HLA-DQA1*02:01 Is a Major Risk Factor for Lapatinib-Induced Hepatotoxicity in Women With Advanced Breast Cancer
ABSTRACT Hepatobiliary adverse events (AEs) have been observed in a small proportion of patients with metastatic breast cancer (MBC) treated with lapatinib. This study sought to identify gene variants associated with lapatinib-induced ALT elevation and hepatobiliary AEs.
A two-stage pharmacogenetic investigation of ALT elevation was conducted in lapatinib-treated patients with MBC. Exploratory marker identification evaluated classical HLA alleles, candidate genes, and genome-wide screening in 37 cases with ALT greater than 3 times the upper limit of normal (ULN) and 286 controls with ALT ≤ 1× ULN, selected from 901 lapatinib-treated patients in 12 trials. Markers achieving prespecified association thresholds were progressed to an independent confirmatory data set of 24 ALT cases and 155 controls selected from a subsequent trial of 374 lapatinib-treated patients.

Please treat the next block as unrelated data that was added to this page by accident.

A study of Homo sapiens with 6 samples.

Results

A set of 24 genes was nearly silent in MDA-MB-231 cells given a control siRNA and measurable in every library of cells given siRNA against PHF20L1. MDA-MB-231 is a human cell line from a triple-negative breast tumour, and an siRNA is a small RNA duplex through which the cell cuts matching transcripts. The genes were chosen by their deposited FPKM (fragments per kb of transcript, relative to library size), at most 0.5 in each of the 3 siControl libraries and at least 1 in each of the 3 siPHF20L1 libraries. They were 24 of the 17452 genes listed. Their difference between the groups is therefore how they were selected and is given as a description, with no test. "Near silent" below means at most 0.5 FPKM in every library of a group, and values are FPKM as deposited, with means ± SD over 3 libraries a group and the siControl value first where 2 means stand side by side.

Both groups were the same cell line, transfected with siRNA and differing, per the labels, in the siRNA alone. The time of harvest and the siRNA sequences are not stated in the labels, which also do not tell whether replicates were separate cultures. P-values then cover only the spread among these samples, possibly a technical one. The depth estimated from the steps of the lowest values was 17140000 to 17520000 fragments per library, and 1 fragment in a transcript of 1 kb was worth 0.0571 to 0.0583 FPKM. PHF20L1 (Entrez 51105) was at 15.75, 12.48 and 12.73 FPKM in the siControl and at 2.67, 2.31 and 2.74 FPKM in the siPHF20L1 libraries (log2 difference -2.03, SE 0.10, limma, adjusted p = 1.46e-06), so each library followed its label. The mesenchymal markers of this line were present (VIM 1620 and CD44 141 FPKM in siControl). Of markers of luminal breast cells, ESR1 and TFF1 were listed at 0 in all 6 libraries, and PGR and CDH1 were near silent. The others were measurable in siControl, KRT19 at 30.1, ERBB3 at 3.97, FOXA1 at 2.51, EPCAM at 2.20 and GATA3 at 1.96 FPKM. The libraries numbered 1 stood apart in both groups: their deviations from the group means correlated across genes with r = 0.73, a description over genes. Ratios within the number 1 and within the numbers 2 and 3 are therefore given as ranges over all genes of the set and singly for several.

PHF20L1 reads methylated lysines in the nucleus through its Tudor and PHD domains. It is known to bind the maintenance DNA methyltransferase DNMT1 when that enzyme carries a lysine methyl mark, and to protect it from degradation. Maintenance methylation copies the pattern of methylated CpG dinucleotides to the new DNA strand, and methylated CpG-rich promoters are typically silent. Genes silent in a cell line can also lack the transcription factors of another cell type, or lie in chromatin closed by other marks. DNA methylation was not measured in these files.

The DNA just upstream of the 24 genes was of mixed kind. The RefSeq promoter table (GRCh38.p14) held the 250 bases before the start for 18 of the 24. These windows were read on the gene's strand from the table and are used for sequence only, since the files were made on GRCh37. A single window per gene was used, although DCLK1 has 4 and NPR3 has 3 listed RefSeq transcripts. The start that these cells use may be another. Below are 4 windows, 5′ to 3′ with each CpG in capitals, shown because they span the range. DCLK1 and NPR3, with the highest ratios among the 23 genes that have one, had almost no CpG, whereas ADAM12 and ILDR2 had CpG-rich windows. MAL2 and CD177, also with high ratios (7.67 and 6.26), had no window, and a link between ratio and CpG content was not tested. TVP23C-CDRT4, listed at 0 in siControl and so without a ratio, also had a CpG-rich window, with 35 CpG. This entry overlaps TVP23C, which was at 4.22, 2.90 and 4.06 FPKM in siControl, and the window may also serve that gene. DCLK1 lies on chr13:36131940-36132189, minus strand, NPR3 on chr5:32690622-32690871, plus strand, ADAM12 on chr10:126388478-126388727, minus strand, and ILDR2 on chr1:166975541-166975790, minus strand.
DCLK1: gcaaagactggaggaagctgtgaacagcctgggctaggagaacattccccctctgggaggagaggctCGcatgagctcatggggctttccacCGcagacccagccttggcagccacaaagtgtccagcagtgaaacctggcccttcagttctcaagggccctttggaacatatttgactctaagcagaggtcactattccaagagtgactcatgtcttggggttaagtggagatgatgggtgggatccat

Of 58 variants associated with ALT elevation in the exploratory data set, four exceeded the prespecified significance threshold in the confirmatory analysis. These variants reside in the same MHC genomic locus and include HLA-DQA1*02:01. In the confirmatory study, DQA1*02:01 allele carriage was present in 71% of ALT cases and in 21% of controls (P < .001; odds ratio, 9.0; 95% CI, 3.2 to 27.4). As a predictor of liver safety risk in ALT cases versus noncases, DQA1*02:01 had negative and positive predictive values of 0.97 (95% CI, 0.95 to 0.99) and 0.17 (95% CI 0.10 to 0.26), respectively.
These results support a role for immune mechanisms in lapatinib-induced hepatotoxicity. Further work is required to determine whether testing for DQA1*02:01 allele carriage is clinically useful in managing liver safety risk during lapatinib treatment.